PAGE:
Hammond not quite a field of dreams
The ball park’s half-million dollar makeover is a step in the right direction, but more will need to be done to make the west Hammond diamond really sparkle.
Maple Ridge’s once-proud ball teams now see their top talents defect to communities that offer quality facilities and higher-calibre teams. So Wednesday’s announcement that the Hammond Park is getting $513,000 worth of improved drainage, a permanent outfield fence, a new backstop and turf was more than just a cheque-passing ceremony. It was the end of a long lobby by the Ridge Meadows Minor Baseball Association. It was the federal and local governments throwing minor ball a lifeline.
“It was like Christmas morning,” said coach Greg Bodnarchuk.
Association president Gord Easton kept the announcement a secret from him, so it would be like a new glove under the tree.
Bodnarchuk first stepped up to a plate in Maple Ridge at the age of eight. Now 50, he’s still dug in – as the association’s general manager and the guy in charge of player and coach development.
This week’s developments have been a long time coming. Nobody in Maple Ridge is more pleased than him, they the association will never again have to take the outfield fence down at Hammond, so soccer players can take over the turf.
“We’ve been needing a full-time facility forever – to help develop our coaches and players,” he said. “This is a wonderful day in Ridge Meadows Minor Baseball’s history.”
He can’t wait to step down into a Major League-style dugout at the new diamond.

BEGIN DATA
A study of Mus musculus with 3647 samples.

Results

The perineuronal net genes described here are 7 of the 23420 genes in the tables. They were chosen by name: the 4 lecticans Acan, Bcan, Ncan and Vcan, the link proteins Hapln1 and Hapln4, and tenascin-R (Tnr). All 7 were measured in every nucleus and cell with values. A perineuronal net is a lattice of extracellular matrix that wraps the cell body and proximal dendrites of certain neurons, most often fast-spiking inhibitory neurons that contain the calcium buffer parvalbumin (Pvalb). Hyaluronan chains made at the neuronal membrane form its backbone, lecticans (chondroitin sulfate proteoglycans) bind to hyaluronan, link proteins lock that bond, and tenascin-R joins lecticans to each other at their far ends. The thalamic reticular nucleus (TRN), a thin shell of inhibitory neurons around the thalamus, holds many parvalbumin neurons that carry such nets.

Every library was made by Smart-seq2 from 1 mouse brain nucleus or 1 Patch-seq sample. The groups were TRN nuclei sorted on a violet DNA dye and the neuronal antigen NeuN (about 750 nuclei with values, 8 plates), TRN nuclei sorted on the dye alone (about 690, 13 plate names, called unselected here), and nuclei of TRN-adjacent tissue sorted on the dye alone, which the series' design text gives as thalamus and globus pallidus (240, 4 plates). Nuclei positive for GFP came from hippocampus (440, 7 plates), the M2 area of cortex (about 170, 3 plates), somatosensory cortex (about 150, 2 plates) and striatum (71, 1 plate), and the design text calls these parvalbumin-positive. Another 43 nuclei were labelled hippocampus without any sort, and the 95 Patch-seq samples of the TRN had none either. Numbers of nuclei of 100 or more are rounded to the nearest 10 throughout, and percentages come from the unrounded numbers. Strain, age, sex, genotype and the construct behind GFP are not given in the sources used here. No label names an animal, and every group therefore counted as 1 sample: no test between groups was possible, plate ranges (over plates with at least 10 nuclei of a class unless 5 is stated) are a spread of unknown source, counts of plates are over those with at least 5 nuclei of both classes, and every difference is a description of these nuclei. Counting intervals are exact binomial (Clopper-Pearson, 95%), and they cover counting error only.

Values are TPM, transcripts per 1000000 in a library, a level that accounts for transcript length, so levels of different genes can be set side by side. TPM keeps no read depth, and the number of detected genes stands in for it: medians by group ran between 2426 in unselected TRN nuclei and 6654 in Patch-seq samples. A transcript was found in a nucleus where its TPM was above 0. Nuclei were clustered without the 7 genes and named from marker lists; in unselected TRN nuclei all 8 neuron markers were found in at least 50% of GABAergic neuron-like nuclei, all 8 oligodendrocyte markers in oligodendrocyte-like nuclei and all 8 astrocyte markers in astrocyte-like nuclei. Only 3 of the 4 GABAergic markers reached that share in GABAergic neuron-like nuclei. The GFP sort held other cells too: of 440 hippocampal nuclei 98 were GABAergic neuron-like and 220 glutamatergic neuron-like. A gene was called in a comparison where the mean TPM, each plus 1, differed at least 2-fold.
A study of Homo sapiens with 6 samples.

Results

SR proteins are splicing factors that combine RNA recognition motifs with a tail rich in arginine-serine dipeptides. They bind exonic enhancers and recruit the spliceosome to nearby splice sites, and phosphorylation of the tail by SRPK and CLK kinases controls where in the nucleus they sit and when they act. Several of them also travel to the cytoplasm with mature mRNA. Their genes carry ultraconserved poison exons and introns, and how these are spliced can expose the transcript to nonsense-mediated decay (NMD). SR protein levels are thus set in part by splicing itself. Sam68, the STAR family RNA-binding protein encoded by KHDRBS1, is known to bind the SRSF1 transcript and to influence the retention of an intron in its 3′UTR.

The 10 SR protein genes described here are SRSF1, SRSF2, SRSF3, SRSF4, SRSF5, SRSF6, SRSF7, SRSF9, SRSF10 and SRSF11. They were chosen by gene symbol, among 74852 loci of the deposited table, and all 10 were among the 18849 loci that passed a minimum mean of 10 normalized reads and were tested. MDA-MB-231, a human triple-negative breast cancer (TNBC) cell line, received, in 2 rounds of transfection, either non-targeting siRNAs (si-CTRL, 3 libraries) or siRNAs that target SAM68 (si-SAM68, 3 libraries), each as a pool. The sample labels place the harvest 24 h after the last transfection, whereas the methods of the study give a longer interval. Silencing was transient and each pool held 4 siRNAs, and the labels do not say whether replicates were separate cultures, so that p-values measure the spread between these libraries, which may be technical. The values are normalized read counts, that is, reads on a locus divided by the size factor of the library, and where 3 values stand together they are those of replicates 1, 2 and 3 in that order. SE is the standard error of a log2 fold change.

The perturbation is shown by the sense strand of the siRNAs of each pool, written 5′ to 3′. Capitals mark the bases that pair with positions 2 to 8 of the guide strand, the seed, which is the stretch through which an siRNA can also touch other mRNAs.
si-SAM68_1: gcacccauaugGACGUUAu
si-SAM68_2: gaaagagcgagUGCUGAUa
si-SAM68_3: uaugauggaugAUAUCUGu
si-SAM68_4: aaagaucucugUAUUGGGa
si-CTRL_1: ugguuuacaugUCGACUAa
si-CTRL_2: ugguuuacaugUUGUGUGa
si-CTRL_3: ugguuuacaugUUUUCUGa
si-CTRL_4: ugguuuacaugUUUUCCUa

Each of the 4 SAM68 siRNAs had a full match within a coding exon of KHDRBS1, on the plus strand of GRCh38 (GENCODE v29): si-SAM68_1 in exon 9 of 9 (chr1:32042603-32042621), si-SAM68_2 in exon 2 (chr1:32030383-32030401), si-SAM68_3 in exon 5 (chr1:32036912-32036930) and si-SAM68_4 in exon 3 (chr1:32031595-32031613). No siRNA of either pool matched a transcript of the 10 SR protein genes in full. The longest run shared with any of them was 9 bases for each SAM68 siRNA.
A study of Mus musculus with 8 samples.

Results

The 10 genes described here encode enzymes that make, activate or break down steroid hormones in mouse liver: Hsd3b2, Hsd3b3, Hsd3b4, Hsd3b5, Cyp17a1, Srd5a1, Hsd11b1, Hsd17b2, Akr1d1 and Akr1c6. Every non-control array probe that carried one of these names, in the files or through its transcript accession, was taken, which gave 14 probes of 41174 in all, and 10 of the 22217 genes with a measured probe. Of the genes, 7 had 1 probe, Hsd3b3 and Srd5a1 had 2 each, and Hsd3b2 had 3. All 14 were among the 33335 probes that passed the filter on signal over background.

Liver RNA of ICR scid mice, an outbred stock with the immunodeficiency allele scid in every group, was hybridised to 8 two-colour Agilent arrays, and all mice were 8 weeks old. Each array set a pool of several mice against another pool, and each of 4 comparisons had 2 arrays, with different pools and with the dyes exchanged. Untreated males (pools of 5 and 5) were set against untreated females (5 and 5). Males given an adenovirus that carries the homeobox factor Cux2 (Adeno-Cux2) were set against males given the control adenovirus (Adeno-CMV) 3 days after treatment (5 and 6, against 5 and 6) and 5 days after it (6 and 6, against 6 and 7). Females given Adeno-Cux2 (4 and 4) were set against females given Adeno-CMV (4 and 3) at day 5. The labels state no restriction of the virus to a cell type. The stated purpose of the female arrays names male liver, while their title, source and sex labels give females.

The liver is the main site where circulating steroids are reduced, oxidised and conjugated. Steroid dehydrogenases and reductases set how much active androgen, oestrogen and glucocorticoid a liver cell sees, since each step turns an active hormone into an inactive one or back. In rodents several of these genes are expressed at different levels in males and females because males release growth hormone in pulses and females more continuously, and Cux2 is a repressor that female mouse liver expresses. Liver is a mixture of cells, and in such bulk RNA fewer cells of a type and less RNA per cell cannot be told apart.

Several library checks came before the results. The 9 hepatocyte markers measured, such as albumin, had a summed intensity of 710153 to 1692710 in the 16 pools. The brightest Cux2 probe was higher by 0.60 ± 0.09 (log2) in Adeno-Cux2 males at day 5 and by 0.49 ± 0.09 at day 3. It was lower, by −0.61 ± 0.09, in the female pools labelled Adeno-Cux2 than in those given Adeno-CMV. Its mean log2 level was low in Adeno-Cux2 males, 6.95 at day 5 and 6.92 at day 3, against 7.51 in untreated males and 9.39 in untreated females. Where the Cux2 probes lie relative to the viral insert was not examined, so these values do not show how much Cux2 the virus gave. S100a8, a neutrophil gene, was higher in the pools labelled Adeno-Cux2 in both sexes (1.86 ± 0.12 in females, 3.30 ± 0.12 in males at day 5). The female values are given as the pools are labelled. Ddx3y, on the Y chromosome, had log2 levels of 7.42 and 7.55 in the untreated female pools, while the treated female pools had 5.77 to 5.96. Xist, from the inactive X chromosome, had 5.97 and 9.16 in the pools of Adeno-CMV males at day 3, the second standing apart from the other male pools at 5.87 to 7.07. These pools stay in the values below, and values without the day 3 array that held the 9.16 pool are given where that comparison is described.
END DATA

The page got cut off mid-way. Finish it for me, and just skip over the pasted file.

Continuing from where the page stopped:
To be truly first class, it will need bleachers and lights – the latter adding considerably to the amount of use that can be had out of the facility.
The association had requested a $9-million, 5,000-seat facility, then scaled back plans to $2 million with 300 seats.
Bodnarchuk has watched as the district’s top ball players move on to nearby cities, so they can play in the elite B.C. Premier Baseball League, arguably the top proving ground for hardball prospects in Canada.
Ridge is a “phenomenal baseball town,” Bodnarchuk said, but he has watched as Ridge kids scoop up the golden gloves and other awards in Langley, Coquitlam and other cities. The likes of Tyler O’Neill, last year’s Rookie of the Year and Top Offensive Player in the Premier Baseball League, would put Ridge back on the baseball map. He lives in Maple Ridge, but plays for the Langley Blaze.
“It’s a thing that’s really frustrating,” Bodnarchuk said.
Ridge has tried to enter a team in the BCPBL’s junior division, but was refused, at least in part because of the lack of facilities.
He would like to see a new application go forward for a junior team by 2014.
“It’s a beginning,” Easton said of the renovations. “I’ve got to give kudos to the people who have been fighting for this.”
He also gave credit to municipal director of parks and facilities David Boag, who went to bat for minor ball.
Yes, he would like to see a new set of bleachers, but he said local ball fans will be content to bring their lawn chairs and picnic blankets.
“We’ll be able to host some good tournaments there,” Easton said. “It’ll be a good field.”
“It’s something we’ve been dreaming about for 58 years.”